Online patient education materials on breast lesions requiring surgery may be too advanced for the general public to understand, according to new research published in Radiology.
A team led by Randy C. Miles, MD, MPH, a breast radiologist at Massachusetts General Hospital in Boston, found that the average reading level of online education materials for breast lesions requiring surgery was above an 11th grade reading level—much higher than the sixth-grade reading level recommended by the American Medical Association for all patient education materials.
“Online health information can be a valuable resource for patients searching for more information about their breast biopsy diagnosis, but it may lead to misinformation or confusion if the material is written at a reading level that is too complex for patients to comprehend,” Miles et al. wrote.
The team identified websites commonly accessed for patient information on breast lesions requiring surgery, using three malignant and eight nonmalignant breast lesions that traditionally require a lumpectomy or excisional biopsy as search terms.
The researchers found nine websites with breast diagnosis information and downloaded patient education materials for each lesion from each website on May 15, 2018.
Grade-level readability of downloaded content and associated terms for each lesion was then determined.
The average grade-level readability score of online patient education materials on breast lesions requiring surgery was 11.7, or an 11th grade reading level, according to the researchers. For specific websites, information on Wikipedia was written at the highest reading level (14.2) while information on the National Institutes of Health website was written at the lowest reading level (9.7).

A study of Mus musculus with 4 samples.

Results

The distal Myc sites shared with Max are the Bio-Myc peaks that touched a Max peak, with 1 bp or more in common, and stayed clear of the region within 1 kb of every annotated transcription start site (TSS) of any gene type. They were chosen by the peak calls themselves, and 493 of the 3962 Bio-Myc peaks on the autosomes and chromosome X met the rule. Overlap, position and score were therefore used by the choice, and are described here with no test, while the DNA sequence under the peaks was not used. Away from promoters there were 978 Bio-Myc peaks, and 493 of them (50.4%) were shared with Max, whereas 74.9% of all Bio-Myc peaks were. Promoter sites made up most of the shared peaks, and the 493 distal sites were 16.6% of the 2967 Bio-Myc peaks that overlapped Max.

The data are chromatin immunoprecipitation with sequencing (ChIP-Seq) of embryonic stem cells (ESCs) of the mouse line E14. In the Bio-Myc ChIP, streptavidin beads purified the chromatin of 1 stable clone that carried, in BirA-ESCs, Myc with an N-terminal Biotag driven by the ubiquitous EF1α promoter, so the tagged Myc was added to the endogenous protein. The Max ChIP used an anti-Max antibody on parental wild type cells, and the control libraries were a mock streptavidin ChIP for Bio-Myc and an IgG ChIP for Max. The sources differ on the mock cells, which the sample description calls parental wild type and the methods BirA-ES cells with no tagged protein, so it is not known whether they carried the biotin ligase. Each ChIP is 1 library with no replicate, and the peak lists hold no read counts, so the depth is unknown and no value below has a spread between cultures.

Additionally, patient education materials on malignant breast lesions were written at a higher reading level than those on nonmalignant breast lesions (12.3 versus 11.4). The grade-level readability scores on the terms “breast biopsy” (10.9), “breast cancer” (10.6) and “breast surgery” (11.1) were all written above a sixth-grade reading level.
The researchers concluded that by addressing readability issues related to online patient educational materials as found in their study, health care providers can help reduce patient care barriers caused by low literacy—which disproportionately affects underserved groups.
“Interdisciplinary breast care teams should focus on limiting the transition period between communication of biopsy results requiring surgery and subsequent clinical appointments; this will allow health care providers to more quickly address any questions that patients may have about their diagnosis and subsequent care,” the researchers concluded. “Increased emphasis on providing educational materials at the appropriate reading level to patients at their clinical visit may also help to counter misinformation from material encountered by patients online.”
In an accompanying editorial, Tamara Miner Haygood, MD, PhD, a diagnostic radiologist at MD Anderson Cancer Center in Houston, also suggested that health care providers could direct patients to professional websites with easy-to-understand and accurate information they can control, such as websites belonging to professional organizations or associations.
“At this moment, there is no one-size-fits-all solution to provide information to patients; however, if you are interested in improving your written communications, the article by Miles and colleagues is a good place to start,” Miner Haygood concluded.
Similar research into the readability of dense breast notifications can be read here.